With California’s historic drought evaporating the livelihood of thousands of Mexican migrants, Mexico will start offering them emergency rent assistance, clothing, food and even a plane ticket back home, said the region’s new consul general in her first major media interview.
Alejandra Garcia Williams, a veteran diplomat who’s worked in Paris, Washington and Mexico City, said she has already seen the effects of the drought on farmworkers in Southern California.
“Agricultural workers are the people who are going to be most affected by the drought,” said Williams, whose jurisdiction includes 922,143 Mexican immigrants in 24 Central and Northern California counties. “Some of them would like to return to Mexico – if they have no money, we will give them the money and fly them back.”
Those whose paychecks have dried up and are in financial distress can also get clothes and food from the Mexican government, and if a farmworker dies, the government will send their body back to Mexico and pay for funeral services, Williams said. The career foreign service officer came from Orange County to take over in Sacramento on June 1.
Mexico has 51 consulates in the U.S. dedicated to the protection of Mexican immigrants and their children, Williams said. Those services include free legal assistance, scholarships and help qualifying for President Obama’s executive order known as DACA – Deferred Action for Childhood Arrivals – designed to assist more than 178,717 California immigrant youth brought here by their parents to apply for work permits.
“Immigrants aren’t going to have to pay $500 for one hour of legal consultation,” Williams said. “We will accompany them, and we have translators who speak not just Spanish but Mixtec and Trique dialects to help them out.”
Latinos – most of Mexican ancestry – make up the majority in California now, Williams noted, and “we have a strong voice and it’s going to be stronger.”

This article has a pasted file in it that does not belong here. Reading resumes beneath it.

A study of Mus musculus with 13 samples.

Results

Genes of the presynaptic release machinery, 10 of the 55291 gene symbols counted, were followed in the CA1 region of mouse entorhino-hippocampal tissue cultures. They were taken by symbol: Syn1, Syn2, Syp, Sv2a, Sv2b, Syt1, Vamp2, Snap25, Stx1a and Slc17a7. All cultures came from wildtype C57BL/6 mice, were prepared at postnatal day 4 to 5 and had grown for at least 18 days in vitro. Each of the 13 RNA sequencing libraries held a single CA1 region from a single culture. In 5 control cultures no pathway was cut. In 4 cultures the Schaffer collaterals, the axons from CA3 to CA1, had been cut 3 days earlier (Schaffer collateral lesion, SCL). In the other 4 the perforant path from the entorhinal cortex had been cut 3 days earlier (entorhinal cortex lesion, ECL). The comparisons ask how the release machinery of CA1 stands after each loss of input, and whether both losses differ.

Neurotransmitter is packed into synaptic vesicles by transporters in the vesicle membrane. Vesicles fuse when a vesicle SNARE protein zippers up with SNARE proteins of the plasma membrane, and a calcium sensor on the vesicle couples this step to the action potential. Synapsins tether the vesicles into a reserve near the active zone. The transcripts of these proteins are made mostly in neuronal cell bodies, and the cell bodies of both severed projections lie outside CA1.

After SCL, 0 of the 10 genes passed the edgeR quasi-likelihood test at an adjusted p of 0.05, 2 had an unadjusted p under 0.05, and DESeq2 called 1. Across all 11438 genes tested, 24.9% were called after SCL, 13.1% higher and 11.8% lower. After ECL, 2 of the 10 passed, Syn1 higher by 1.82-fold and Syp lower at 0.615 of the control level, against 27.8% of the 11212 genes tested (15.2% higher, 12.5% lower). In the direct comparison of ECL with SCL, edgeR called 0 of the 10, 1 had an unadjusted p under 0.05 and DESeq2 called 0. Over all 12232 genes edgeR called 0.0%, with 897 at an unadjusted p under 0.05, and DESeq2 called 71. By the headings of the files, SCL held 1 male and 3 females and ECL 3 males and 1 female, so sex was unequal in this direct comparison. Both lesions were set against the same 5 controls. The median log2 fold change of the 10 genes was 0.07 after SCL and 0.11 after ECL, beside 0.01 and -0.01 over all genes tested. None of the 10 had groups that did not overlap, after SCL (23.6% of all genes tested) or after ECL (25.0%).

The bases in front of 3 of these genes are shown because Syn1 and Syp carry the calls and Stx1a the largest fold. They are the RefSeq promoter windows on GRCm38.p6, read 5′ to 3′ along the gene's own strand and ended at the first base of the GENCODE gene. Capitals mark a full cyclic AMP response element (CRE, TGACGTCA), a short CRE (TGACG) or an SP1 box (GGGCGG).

“Mexican Americans have contributed enormously to California’s economy, and many are sending money back to Mexico and can be a real help to both countries,” she said.
Mexico has offered dual citizenship since 2000, Williams said, and the Mexican government is exploring the idea of allowing Mexicans here to register to vote at the consulate.
State Sen. John Moorlach, R-Costa Mesa, who knew Williams when she served as consul general in Orange County, gave her a warm although awkward welcome while joking in the Senate about her ability to speak Dutch as well as Spanish and English. He added, “All I can say is, as politely as possible, Alejandra is hot.” Williams said she didn’t take offense and called Moorlach a good friend.
The daughter of a gynecologist and an artist and musician, Williams has both Spanish and English roots and is married to a French engineer. She was educated at Mexico City’s Universidad Iberoamericana and Oxford University, and her family has established several bilingual schools throughout Mexico.
Williams has also served as deputy consul general in San Francisco and chief of the Office of Internal Politics, Human Rights and Legal Affairs at the Mexican Embassy in France, and worked in the Office of Migration and Border Affairs at the Mexican Embassy in Washington, D.C. She’s also worked on human rights, immigration and drug-trafficking issues as the adviser for the coordinator of migration and human rights at the Ministry of Foreign Affairs.
Her passion for education has already come into play with Cien Amigos, a group of about 120 Mexican American entrepreneurs, doctors, teachers and community leaders in the Sacramento region who have partnered with the Mexican government to offer more than 250 scholarships. The awards range from $300 for high school juniors to $1,000 for college students, said Cien Amigos President Jim Gonzalez.
“She’s already helped shake loose contributions from big donors such as Wells Fargo,” Gonzalez said. “The Mexican government gives $90,000 in seed money, and we’ve matched and exceeded it.”
With the U.S.-Mexico bilateral relationship so important, Williams said she backs long-debated comprehensive immigration reform in the U.S., which would help many of the people who fill her office.
“What are you going to do with 12 million undocumented people living here their whole lives,” she asked, “working and paying taxes, who are not criminals?”